BONES dating back more than 4,000 years have been found at Castleton’s Blue John Cavern.
The discovery was made by Litton speleologist Dave Nixon and his wife Kate while they were conducting a survey of the cave to produce a new three dimensional map.
Among the bones which have been found are an adult human tibia, a dog skull, the antler of a red deer, the pelvis of an aurochs, a large cattle like animal which is now extinct, and rodent jaws.
After successfully applying for a grant from the Cave Research Association, the human tibia bone was sent to Professor Andrew Chamberlain of Sheffield University for carbon dating.
This provided a date of between 2800BC and 2500BC, making the bone more than 4,000 years old.
Dave said: “The first big find was quite obviously a bit of antler from a red deer which had started to calcify so that gave us an idea of how old it was.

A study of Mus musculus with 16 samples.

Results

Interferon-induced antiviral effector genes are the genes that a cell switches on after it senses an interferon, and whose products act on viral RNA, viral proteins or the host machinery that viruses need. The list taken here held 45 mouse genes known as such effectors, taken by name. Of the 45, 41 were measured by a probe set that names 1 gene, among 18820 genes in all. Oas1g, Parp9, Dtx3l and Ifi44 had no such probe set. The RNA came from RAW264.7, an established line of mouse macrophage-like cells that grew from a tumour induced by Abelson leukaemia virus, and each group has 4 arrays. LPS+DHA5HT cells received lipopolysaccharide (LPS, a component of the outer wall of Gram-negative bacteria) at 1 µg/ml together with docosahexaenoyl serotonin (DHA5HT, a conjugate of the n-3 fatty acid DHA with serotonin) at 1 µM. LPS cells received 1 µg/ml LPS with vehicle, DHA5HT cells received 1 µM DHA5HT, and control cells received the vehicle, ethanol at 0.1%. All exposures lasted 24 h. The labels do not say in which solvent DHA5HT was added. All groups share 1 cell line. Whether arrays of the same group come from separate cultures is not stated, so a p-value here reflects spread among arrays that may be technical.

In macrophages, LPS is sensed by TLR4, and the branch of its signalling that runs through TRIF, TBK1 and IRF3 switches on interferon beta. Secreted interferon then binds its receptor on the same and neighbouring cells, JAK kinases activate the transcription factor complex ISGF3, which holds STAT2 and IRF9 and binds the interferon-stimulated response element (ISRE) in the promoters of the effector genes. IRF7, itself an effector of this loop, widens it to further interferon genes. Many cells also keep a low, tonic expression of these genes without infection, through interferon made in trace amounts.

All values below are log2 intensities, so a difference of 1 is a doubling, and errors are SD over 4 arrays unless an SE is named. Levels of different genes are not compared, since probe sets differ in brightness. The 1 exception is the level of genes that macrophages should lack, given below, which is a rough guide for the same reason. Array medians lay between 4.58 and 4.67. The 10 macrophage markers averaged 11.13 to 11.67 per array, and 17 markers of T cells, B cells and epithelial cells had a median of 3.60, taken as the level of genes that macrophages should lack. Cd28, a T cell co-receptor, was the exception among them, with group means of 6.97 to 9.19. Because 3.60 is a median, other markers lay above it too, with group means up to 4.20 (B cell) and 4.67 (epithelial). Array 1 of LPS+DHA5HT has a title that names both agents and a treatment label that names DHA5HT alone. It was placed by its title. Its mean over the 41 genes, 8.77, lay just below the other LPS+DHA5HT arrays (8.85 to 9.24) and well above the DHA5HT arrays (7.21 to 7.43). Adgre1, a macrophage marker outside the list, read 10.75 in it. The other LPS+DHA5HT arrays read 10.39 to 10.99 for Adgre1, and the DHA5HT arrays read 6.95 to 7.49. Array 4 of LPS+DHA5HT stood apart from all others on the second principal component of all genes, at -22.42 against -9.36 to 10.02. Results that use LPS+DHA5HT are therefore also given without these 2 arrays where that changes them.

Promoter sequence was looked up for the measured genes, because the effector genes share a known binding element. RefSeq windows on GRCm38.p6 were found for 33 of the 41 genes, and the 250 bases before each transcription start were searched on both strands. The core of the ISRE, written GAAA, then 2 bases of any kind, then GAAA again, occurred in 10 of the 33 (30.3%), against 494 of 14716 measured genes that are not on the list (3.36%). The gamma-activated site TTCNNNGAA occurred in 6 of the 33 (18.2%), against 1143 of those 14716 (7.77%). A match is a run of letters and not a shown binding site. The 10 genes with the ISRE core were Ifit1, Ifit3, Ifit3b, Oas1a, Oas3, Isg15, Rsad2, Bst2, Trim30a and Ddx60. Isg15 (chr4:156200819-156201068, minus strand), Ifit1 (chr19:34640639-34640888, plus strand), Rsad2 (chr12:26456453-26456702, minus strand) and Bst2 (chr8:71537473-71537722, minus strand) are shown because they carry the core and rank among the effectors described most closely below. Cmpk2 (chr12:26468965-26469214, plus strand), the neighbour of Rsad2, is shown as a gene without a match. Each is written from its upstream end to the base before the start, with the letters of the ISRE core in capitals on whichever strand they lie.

“We think it’s fair to assume that because the bones were found in the same area they’re from the same era.
“We’re almost certain that 4,000 odd years ago when the geology was very different, there was a big river which sunk into a hole and washed in the bones and all the rest of it.
“The rest of him or her (the person the tibia bone came from) is almost certainly in the same hole.”
And speaking of the tiny rodent jaws which were also found, Dave said: “It’s amazing that something as fragile as that has been preserved in a cave for 4,000 years.”
The bones are set to go on display at the cavern for visitors to enjoy.
Any further discoveries will also be added to the display.
Graham Ollerenshaw, owner of the Blue John Cavern, added: “I just think it is amazing that these bones have lain there all these years for Dave to suddenly stumble upon quite by accident.
“It’s quite exciting to think there might be other things there to find in the future.”